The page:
Huge Navy fuel tanks worry Hawaii farmers, utility officials
Anthony DeLuze keeps his ancestors' traditions alive in 21st century Hawaii by growing the staple crop taro on a suburban plot sandwiched between wings of a sprawling shopping mall.
But the aquifer that hydrates the starchy vegetables sits under 20 enormous underground tanks the Navy uses to store fuel for military ships and aircraft. One tank leaked tens of thousands of gallons of jet fuel into the ground in 2014, worrying DeLuze the tanks are a threat to his farm's natural springs and well.
The aquifer also supplies a quarter of the water consumed in urban Honolulu, which includes the tourist mecca Waikiki.
DeLuze and Honolulu water utility officials want the Navy to move the World War II-era tanks away from the aquifer. But the Navy views them as a vital strategic asset that would be difficult to replicate elsewhere.
Plus, the Navy says the water is safe.
"It makes no sense to me that one of the biggest aquifers on this island has fuel sitting on top of it," DeLuze said. "Anything can happen—could have an earthquake, could be a disaster, and we're screwed."
Each of the underground fuel tanks is about 25 stories tall. The tanks sit in two rows of 10 inside a hill about 3 miles from Pearl Harbor. They hold a total of about 187 million gallons of fuel, providing the military with a vital fuel reserve in the Pacific. Two are currently out of service.
Navy Region Hawaii commander Rear Adm. John Fuller said the tanks are the last fully U.S.-owned fuel stop for forces en route from the West Coast and Hawaii to Asia and the Middle East.
"If we don't have the fuel to operate the forces, then we can't be present. We can't help our friends," Fuller said.
The Navy is working on a 20-year plan, codified in a signed agreement with the U.S. Environmental Protection Agency and the state Health Department, to upgrade the 70-year-old tanks and better prevent and detect leaks.
As part of the deal, the Navy is building four new wells to monitor groundwater for contaminants by the end of the year. This will add to the 10 monitoring wells it already has. The Navy conducts quarterly and monthly testing at these wells, said Capt. Dean Tufts, commanding officer of Naval Facilities and Engineering Command, Hawaii.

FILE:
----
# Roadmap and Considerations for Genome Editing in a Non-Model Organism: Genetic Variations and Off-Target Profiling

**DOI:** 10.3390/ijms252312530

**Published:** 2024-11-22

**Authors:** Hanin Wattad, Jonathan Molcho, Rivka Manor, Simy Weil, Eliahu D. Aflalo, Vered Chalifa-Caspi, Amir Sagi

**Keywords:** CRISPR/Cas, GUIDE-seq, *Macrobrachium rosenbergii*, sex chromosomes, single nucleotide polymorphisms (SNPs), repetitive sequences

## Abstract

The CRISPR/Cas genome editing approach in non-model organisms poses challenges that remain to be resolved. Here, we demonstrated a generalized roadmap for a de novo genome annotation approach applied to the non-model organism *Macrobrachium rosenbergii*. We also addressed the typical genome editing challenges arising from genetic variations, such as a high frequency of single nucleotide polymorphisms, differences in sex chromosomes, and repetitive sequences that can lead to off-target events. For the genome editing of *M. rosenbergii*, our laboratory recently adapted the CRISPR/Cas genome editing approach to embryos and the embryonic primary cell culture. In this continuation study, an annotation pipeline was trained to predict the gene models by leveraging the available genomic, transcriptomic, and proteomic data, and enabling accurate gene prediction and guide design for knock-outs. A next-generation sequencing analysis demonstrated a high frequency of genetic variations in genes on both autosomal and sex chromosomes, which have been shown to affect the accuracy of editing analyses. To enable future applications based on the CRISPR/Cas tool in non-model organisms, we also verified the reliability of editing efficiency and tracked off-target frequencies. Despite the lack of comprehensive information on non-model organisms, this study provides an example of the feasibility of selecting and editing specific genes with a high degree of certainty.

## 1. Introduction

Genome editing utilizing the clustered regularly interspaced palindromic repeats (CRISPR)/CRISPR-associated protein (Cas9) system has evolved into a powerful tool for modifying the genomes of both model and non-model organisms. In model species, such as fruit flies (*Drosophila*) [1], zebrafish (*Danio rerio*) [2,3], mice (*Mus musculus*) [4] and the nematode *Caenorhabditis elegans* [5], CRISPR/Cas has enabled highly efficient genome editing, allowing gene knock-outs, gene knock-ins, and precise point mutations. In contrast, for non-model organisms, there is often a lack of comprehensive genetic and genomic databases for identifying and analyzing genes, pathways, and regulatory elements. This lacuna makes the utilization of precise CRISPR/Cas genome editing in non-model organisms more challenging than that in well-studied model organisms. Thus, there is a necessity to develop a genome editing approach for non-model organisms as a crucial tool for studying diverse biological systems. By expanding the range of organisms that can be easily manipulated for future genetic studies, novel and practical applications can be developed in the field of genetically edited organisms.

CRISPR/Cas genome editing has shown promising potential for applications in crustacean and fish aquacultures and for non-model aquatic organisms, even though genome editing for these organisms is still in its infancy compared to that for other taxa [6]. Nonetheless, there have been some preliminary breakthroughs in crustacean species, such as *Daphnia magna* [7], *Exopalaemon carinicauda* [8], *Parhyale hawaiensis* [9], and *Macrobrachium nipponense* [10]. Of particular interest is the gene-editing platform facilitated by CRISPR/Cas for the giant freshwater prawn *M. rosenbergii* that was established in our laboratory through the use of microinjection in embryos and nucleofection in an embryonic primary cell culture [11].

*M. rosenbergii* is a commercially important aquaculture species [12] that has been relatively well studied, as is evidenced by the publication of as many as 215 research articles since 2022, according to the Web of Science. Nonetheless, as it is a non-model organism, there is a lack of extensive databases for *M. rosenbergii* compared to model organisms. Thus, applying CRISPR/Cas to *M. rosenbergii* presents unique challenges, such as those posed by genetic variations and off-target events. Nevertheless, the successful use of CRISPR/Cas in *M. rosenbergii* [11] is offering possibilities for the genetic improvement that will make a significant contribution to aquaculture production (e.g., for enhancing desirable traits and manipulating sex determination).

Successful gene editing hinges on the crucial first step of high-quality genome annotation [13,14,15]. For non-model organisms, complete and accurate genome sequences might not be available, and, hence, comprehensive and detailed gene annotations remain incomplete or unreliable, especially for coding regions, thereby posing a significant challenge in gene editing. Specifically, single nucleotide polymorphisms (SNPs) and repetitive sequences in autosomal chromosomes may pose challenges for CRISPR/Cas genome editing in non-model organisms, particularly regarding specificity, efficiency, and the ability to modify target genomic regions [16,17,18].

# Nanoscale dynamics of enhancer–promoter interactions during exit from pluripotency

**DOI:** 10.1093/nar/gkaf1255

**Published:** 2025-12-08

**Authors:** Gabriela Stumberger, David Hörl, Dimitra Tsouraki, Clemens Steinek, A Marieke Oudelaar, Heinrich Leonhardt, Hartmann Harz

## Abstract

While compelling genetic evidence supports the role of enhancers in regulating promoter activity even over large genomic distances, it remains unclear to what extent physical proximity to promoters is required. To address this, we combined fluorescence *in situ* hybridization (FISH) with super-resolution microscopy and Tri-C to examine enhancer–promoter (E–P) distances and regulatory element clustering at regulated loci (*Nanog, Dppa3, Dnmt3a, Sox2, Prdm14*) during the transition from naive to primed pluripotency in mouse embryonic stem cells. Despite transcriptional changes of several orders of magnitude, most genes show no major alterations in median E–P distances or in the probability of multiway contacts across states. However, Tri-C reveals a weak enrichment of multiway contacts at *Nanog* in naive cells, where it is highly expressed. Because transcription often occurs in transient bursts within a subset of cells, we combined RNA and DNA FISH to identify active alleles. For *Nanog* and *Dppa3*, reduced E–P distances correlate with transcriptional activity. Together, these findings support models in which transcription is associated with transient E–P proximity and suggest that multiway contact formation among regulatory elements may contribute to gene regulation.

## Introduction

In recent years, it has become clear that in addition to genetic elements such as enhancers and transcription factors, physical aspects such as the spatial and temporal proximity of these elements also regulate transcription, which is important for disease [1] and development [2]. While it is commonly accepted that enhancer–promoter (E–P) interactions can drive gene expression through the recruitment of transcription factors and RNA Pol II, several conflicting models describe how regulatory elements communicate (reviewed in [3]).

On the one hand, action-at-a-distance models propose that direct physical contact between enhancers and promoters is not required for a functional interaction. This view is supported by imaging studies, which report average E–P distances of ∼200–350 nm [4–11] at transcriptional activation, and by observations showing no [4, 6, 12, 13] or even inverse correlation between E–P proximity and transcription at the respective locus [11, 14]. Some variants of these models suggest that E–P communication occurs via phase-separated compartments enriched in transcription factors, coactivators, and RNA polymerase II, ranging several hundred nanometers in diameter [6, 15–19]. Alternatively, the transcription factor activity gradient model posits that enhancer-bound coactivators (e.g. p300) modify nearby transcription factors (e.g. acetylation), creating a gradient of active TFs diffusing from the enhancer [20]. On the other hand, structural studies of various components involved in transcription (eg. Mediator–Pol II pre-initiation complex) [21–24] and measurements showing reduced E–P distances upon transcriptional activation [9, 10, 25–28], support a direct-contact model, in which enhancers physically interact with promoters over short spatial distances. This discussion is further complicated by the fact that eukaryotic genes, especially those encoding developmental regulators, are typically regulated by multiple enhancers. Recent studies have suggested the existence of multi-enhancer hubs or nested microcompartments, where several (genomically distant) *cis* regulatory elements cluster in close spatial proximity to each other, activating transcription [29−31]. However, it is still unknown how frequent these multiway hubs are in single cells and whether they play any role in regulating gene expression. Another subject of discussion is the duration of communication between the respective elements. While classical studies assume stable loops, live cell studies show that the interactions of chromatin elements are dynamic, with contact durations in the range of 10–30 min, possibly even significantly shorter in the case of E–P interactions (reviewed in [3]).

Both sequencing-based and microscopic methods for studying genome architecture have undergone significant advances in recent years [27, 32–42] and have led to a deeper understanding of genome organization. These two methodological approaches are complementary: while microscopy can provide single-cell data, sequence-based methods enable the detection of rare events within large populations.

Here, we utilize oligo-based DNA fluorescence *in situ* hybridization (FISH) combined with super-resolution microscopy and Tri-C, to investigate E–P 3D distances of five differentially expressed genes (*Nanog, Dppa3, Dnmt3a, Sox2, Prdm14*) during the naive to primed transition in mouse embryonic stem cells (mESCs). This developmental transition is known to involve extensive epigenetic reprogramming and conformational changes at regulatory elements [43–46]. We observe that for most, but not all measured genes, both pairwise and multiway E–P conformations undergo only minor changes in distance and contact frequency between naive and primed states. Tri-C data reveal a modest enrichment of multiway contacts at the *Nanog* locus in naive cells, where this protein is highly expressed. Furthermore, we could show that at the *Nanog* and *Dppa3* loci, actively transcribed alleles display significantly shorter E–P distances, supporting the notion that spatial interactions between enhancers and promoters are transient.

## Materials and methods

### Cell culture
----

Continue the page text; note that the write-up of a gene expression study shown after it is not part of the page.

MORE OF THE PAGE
"Fuel is not moving toward drinking water sources. And fuel is not in the aquifer at all," Tufts told The Associated Press in an interview.
Officials with the Honolulu Board of Water Supply, the city's water utility, say its water is safe to drink. But they point to Navy studies from the '80s through the late '90s showing petroleum hydrocarbon in the rocks underneath the tanks as a sign of the tanks' risks. They're worried about the possibility of an extremely large release of fuel due to a catastrophic event, in part because the tanks are so old.
As an island state, Hawaii can't import water from a neighbor if the fuel enters the water supply, said Ernest Lau, the utility's manager and chief engineer.
"We live on an island. Every drop of pure fresh water is precious to us," Lau said. He argues a better place for the tanks is about 20 miles west at Campbell Industrial Park, where a hard rock covering insulates the aquifer below.
Honolulu could install a treatment system to remove fuel contaminants, but that would be expensive, and ratepayers would have to foot the bill unless the utility could force the federal government to pay for it, Lau said.
The utility hasn't said how much it would cost to build a treatment system. But a 2010 Navy study estimated the price for installing one for the Navy's Red Hill shaft near the tanks would be between $46 million and $51 million. The study estimated the facility would cost $6 million to $7 million a year to operate.
Part of the difficulty is the uncertainty over where the leaked petroleum is heading and where future leaks might go.
Steve Linder, manager of the underground storage tanks program at the EPA region that includes Hawaii, said data doesn't indicate alarming signs of fuel in the groundwater or show an imminent threat to drinking water supply wells.
But he said more research would provide certainty and comfort.
"That's what we're looking for—getting a higher degree of understanding, a higher degree of certainty so we can make more informed decisions about what needs to happen in terms of release prevention in the future and what needs to happen in terms of mitigation of a problem that may already exist," Linder said.